Objective: To examine the relation of refractive errors to glaucoma and intraocular pressure (IOP) in a defined white population.
Design: Population-based cross-sectional and follow-up study.
Participants: Persons aged 43 to 86 years living in Beaver Dam, Wisconsin (n = 4926).
Methods: All participants received a standardized assessment of refraction, IOP, and glaucoma at baseline (1988-1990), with IOP remeasured 5 years later (1993-1995). Refraction was defined at baseline as follows: myopia as spherical equivalent of -1.00 diopters (D) or less, emmetropia as -0.75 to +0.75 D, and hyperopia as +1.00 D or more.
Main outcome measures: Relation of baseline refraction to prevalent glaucoma (defined from IOP, optic disc, and visual field criteria) and incident ocular hypertension (defined as IOP more than 21 mmHg at the 5-year examination in eyes with IOP of 21 mmHg or less at baseline).
Results: A myopic refraction was correlated with increasing IOP at baseline (P < 0.001). After controlling for age and gender, persons with myopia were 60% more likely to have prevalent glaucoma than those with emmetropia (odds ratio [OR], 1.6; 95% confidence interval [CI], 1.1, 2.3). In contrast, controlling for age, gender, and baseline IOP, persons with hyperopia were 40% more likely to have incident ocular hypertension than those who were emmetropic at baseline (OR, 1.4; 95% CI, 1.0, 2.0). Myopia was not related to incident ocular hypertension.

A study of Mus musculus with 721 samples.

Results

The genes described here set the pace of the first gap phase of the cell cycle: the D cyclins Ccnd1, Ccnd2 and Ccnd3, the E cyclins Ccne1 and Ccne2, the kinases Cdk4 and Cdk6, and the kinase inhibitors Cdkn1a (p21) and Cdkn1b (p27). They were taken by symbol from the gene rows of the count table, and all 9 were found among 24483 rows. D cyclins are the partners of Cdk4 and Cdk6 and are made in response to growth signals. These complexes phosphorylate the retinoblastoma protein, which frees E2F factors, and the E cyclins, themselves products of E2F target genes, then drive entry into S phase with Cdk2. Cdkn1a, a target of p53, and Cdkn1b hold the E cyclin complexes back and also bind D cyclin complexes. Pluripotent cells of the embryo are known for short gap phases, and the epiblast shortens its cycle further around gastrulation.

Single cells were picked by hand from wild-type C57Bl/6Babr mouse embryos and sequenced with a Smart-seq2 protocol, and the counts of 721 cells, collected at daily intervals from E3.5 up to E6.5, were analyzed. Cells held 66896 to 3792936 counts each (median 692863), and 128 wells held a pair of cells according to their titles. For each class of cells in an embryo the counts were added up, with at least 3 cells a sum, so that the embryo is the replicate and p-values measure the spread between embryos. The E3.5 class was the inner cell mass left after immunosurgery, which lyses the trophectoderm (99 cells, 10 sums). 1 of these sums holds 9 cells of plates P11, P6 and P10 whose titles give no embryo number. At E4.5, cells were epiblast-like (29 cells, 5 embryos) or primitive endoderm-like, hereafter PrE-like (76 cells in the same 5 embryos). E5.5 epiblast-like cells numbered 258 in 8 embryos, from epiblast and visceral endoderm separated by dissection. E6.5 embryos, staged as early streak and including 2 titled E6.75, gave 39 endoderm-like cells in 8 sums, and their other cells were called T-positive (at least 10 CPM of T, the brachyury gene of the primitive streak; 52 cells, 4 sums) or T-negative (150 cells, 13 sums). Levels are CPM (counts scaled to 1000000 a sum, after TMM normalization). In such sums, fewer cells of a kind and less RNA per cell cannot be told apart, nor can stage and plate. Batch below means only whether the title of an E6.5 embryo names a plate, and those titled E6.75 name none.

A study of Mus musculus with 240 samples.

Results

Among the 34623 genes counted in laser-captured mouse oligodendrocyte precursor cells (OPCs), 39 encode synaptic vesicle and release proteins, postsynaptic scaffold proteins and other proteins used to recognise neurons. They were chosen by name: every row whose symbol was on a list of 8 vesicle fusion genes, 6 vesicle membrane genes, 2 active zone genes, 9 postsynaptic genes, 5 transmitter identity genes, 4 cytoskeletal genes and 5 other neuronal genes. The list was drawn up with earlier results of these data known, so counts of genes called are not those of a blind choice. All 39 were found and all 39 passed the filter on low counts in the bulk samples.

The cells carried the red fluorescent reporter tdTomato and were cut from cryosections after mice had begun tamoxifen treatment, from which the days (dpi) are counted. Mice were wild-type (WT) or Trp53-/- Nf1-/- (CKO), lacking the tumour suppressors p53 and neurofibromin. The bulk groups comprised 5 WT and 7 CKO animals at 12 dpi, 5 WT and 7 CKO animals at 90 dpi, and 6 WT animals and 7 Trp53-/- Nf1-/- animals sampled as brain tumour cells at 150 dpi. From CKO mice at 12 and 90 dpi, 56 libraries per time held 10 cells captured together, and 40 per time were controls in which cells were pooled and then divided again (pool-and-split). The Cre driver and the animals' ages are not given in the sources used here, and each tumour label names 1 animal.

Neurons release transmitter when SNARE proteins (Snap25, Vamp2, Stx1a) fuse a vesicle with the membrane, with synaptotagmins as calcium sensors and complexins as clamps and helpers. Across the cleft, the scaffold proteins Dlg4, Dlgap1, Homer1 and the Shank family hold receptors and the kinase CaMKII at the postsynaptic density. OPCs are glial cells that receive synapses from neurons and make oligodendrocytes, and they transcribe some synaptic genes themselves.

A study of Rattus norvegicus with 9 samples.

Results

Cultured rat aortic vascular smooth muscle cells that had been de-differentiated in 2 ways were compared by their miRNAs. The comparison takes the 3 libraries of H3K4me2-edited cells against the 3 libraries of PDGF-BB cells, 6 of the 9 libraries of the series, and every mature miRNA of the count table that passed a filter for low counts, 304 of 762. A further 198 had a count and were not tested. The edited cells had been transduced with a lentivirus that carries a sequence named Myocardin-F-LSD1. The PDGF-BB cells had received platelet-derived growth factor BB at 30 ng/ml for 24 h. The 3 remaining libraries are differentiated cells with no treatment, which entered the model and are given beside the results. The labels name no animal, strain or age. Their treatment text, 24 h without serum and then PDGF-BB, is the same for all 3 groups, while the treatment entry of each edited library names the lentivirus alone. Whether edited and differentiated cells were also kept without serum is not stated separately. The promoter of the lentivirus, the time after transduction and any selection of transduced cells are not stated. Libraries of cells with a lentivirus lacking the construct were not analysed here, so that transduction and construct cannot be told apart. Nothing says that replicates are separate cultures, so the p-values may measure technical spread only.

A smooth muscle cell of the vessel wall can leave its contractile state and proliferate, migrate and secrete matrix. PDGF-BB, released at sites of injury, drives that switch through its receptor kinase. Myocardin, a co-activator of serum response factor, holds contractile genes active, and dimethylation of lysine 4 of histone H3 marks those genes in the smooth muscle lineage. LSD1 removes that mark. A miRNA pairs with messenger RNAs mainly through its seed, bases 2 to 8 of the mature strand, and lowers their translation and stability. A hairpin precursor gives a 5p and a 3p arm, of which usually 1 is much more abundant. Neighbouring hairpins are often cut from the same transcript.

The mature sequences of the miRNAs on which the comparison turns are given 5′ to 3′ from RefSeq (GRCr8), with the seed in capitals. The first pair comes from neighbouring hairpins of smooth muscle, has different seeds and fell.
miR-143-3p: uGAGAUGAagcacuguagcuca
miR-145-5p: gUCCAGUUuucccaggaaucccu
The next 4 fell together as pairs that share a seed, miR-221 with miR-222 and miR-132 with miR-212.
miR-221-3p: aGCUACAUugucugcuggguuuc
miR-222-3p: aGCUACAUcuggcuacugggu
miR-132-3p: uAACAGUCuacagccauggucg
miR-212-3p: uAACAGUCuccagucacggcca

Conclusions: In these population-based data, there was a cross-sectional association of myopia with higher IOP and prevalent glaucoma. Similar associations have been found in previous studies. Hyperopia may be associated with 5-year risk of ocular hypertension, a finding that needs further investigation.